Food aspiration is a medical emergency in which food enters the body's airway or lungs. The body's adverse reaction to food aspiration is choking, when throat contractions attempt to expel the aspirating food from the airway. Liquid aspiration is very similar to food aspiration, but differs in that unlike food, liquid enters the respiratory system. While many cases of food aspiration are naturally resolved by the body's defenses and are not fatal, aspirated food or chronic inhalation can lead to debilitating respiratory disease or damage to the body from lack of oxygen or infection.
In the body, the upper respiratory tract, consisting of the sinus cavities, pharynx and larynx, lies in close proximity to the upper digestive tract, which consists of the mouth, tongue and throat. These two tracts share one tube, called the esophagus. The esophagus leads to two organs: the stomach and the lungs. A small muscular flap called the epiglottis controls the direction of either air or food, and channels the contents to the proper organ.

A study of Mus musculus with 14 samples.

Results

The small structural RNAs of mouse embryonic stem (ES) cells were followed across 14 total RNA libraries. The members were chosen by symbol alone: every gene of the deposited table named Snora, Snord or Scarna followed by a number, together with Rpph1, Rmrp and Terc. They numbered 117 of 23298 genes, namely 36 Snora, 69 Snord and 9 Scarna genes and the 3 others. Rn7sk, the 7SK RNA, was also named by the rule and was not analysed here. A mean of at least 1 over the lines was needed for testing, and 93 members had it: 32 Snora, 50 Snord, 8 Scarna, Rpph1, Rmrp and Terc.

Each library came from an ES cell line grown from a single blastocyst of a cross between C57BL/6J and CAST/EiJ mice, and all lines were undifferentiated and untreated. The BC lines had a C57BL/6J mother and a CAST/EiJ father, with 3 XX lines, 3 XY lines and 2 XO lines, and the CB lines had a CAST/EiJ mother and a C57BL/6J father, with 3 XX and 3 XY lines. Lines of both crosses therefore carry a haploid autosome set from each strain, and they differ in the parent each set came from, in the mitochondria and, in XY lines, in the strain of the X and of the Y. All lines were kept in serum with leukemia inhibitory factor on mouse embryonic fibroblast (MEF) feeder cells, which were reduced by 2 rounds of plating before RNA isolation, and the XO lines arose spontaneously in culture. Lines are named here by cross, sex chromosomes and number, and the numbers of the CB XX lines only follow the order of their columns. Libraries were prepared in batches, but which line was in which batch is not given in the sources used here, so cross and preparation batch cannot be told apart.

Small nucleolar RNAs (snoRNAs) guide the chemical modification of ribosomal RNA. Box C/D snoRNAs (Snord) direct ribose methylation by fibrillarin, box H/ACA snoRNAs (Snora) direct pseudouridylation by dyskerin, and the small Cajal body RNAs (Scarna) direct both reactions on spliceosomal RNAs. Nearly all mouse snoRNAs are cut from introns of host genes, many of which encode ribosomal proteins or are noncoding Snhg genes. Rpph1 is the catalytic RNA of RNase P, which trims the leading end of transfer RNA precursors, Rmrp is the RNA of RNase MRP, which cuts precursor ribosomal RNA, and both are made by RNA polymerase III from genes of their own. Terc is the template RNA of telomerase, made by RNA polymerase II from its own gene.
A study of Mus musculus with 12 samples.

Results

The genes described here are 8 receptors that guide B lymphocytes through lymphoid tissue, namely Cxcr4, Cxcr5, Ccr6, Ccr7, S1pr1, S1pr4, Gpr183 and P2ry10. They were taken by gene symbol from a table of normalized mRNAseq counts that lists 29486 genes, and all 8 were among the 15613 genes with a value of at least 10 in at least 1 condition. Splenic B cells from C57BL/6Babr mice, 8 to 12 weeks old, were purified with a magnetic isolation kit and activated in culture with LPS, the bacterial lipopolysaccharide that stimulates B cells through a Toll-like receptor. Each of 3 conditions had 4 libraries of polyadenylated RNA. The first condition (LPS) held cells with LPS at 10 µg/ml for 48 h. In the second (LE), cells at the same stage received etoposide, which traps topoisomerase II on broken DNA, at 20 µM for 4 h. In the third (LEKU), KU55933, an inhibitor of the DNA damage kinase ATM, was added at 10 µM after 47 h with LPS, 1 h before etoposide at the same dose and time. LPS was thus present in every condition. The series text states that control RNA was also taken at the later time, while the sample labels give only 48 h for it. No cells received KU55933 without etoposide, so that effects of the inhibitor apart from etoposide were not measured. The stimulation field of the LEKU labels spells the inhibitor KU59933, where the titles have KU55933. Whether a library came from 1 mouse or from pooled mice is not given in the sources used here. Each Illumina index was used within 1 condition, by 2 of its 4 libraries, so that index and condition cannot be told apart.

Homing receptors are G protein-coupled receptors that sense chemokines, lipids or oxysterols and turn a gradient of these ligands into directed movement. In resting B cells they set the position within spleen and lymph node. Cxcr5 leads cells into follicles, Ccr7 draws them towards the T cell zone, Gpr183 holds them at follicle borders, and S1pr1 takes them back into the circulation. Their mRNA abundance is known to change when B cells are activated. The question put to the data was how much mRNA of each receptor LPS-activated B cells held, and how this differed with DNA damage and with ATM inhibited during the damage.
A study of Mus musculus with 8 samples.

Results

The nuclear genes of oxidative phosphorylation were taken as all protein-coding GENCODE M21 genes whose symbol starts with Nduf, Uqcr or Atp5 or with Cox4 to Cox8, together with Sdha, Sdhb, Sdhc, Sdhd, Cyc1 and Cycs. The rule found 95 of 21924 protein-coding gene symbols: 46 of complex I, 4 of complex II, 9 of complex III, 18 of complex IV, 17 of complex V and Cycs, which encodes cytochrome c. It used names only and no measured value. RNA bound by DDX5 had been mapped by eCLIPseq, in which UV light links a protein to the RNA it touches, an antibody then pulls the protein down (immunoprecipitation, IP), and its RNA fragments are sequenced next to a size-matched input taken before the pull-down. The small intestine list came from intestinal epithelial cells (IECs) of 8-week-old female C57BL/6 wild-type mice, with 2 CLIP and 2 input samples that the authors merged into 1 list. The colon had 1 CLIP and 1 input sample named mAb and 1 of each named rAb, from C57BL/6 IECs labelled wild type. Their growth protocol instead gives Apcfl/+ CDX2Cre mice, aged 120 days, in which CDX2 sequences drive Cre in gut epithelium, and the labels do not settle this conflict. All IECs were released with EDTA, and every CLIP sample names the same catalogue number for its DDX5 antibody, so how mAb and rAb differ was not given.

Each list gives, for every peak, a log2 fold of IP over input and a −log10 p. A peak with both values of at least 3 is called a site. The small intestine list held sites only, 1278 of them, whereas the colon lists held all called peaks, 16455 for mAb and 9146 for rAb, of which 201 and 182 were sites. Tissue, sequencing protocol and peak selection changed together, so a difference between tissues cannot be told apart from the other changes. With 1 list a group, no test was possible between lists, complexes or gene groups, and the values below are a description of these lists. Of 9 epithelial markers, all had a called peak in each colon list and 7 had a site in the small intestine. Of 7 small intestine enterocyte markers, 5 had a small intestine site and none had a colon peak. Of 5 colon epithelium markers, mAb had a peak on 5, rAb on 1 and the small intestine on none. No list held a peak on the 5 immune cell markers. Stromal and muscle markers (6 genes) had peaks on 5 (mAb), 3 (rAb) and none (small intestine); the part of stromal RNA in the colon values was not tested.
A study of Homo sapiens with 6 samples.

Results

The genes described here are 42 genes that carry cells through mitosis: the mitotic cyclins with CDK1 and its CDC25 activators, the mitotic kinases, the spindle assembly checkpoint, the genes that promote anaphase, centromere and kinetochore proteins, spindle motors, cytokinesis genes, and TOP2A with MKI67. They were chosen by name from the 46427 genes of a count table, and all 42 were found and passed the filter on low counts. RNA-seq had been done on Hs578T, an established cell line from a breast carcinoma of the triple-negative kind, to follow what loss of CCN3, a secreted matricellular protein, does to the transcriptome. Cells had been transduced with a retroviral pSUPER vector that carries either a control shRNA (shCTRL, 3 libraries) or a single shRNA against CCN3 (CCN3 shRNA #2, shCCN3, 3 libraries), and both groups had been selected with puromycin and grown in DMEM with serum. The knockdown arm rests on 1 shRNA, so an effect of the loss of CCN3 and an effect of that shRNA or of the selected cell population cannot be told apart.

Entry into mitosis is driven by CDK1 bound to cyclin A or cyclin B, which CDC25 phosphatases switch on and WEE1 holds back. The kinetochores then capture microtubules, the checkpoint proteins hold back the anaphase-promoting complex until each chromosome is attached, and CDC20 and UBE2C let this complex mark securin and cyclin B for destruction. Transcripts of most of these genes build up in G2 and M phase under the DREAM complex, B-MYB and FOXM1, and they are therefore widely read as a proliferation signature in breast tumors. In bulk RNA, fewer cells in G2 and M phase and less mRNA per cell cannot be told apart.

Food aspiration may occur for a number of reasons. The epiglottis may not function properly, therefore allowing food contents to spill into the esophagus and lungs. Choking may occur when a person simultaneously talks and eats, causing the tongue to accidentally push food rather than air into the airway. Other causes may include cancer of the throat or other organs, lack of muscle control, trauma, unconsciousness, the use of sedatives, or a multitude of others.
The body reacts strongly to aspirated food, autonomously producing throat convulsions, coughing fits, drooling and vomiting. Muscle contractions may force out small sections of food from the upper respiratory tract, but food that enters the lungs is a medical emergency. Infection may not become immediately evident. Common symptoms of infection from aspirated food include wheezing, foul-smelling or discolored sputum, chest pain, fever, and cyanosis — a bluish color of the skin from lack of oxygen. Severe lung inflammation may develop into aspiration pneumonia or a lung abscess, requiring hospitalization and a regimen of antibiotics.
To prevent food aspiration, a person should take small bites of food and eat slowly. Sedatives, muscle relaxants and other drugs should be avoided when possible, as these medications slow the esophageal muscular contractions. Hospitalized patients, with whom food aspiration is a common concern, should sit up as much as possible.